I'm not sure who coined the term "easy as pie", and if you've ever tried to make a tender, flaky pie crust that looks pretty too, you've probably wondered the same. The usage likely originates from a time when pies were made weekly because I have found that practice definitely makes perfect when it comes to pie crust. I have the luxury of a mother who made pies quite often when I was growing up, so the process has become old hat to me. What has changed are the ingredients.
As food trends have evolved with the discoveries of cholesterol and later trans fats, so has the preferred fat for my pie crust. In my first attempt at making pie back in the midst of the eighties' "no cholesterol" craze, I chose to use Crisco shortening in place of the lard my mom used in her pies at the time. It was thought that Crisco, a man-made fat, was healthier than the natural lard my mom used. Sounds ironic looking back, doesn't it? Now that we understand that trans fats raise cholesterol levels and actually deplete the good cholesterol, a flaky pie crust is not reason enough to keep Crisco in your kitchen. I as a rule do not use unnatural or artificial ingredients so of course the new fully hydrogenated shortening that is being marketed these days as "trans fat free" does not cut it in my kitchen either.
As a replacement in my pie crust, I had considered going back to good ole lard, but found that commercially available lard is also partially hydrogenated to help preserve it. I suppose I could have rendered my own, it's not behond me, but that was a whole other project and I wasn't convinced that was the best choice for the fat in my pastry. I therefore went back to basics and used an old French trick for my Amercian pie crust....why not use all butter? After researching old recipes for American pie crusts, I actually found that butter was commonly used for fruit and sweet pies and lard was more commonly used in the crust of savory meat pies. After a few tries, I settled on the following recipe.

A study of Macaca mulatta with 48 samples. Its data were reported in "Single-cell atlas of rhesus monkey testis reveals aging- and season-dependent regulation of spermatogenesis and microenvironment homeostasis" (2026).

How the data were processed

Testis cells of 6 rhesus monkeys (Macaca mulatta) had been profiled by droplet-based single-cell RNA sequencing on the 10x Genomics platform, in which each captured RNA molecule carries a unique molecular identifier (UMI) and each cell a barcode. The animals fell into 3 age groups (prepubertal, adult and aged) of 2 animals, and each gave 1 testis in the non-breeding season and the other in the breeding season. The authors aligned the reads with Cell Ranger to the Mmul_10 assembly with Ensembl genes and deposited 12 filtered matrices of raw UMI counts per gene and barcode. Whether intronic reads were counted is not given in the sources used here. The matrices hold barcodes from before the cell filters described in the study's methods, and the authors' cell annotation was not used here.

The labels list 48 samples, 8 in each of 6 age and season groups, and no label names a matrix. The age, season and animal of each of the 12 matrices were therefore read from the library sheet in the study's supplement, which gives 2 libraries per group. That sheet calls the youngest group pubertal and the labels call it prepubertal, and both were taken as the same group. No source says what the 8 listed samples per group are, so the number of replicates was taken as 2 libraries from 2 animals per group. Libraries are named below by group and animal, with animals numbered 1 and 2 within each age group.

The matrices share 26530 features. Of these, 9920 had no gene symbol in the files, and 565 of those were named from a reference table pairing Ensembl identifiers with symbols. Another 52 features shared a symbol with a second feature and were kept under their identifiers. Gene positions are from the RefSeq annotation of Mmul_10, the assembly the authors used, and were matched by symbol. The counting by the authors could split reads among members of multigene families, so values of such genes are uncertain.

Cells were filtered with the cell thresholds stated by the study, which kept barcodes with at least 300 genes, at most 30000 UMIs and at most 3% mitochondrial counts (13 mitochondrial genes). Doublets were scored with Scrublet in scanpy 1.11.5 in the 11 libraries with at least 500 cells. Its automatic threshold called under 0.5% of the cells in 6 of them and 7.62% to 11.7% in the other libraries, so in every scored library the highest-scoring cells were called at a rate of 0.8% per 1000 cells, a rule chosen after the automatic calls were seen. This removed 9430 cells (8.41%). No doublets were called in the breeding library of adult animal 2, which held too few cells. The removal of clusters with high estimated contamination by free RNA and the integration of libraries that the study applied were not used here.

All Butter Pie Crust
2 cups unbleached all purpose flour
1 teaspoon salt
12 Tablespoons cold unsalted butter, cut into cubes
6 to 10 Tablespoons cold water
1 Tabelspoons white vinegar
In a small cup or bowl, mix 6 tablespoons of ice water with the tablespoon of vinegar. Set aside. In a large mixing bowl, mix the flour and salt. Add the cubes of unsalted butter and rub the butter into the flour with your fingers until you have some grains of butter mixed with flour, some pea-sized bits of butter and a few larger chunks of smeared butter. These various levels of butter mixed with flour are necesssary to have both a tender and flaky crust. Then, using a fork, start mixing the water and vinegar mixture into the dough, one spoonful at a time until the dough collects into a ball, using additional water if needed. Be careful not to add too much water. You may have to help to form it into a ball with your hands.
Form the dough into two 4-inch discs and wrap them separately in plastic wrap. Let the dough rest in the refrigerator for 30 minutes or longer.
When ready to make the pie, roll the first disk out on a floured surface with a rolling pin or dowel into an even thickness until large enough to fill your pie pan. Fill the bottom crust and if making a two crust pie, do the same with the second disk, covering the filled pie. To seal the crusts together, you can crimp the trimmed edges with the floured tines of a fork and then form the edge of the dough into a ruffle. This might be easier to show than tell, but once you got it, trust me, it'll be easy as pie.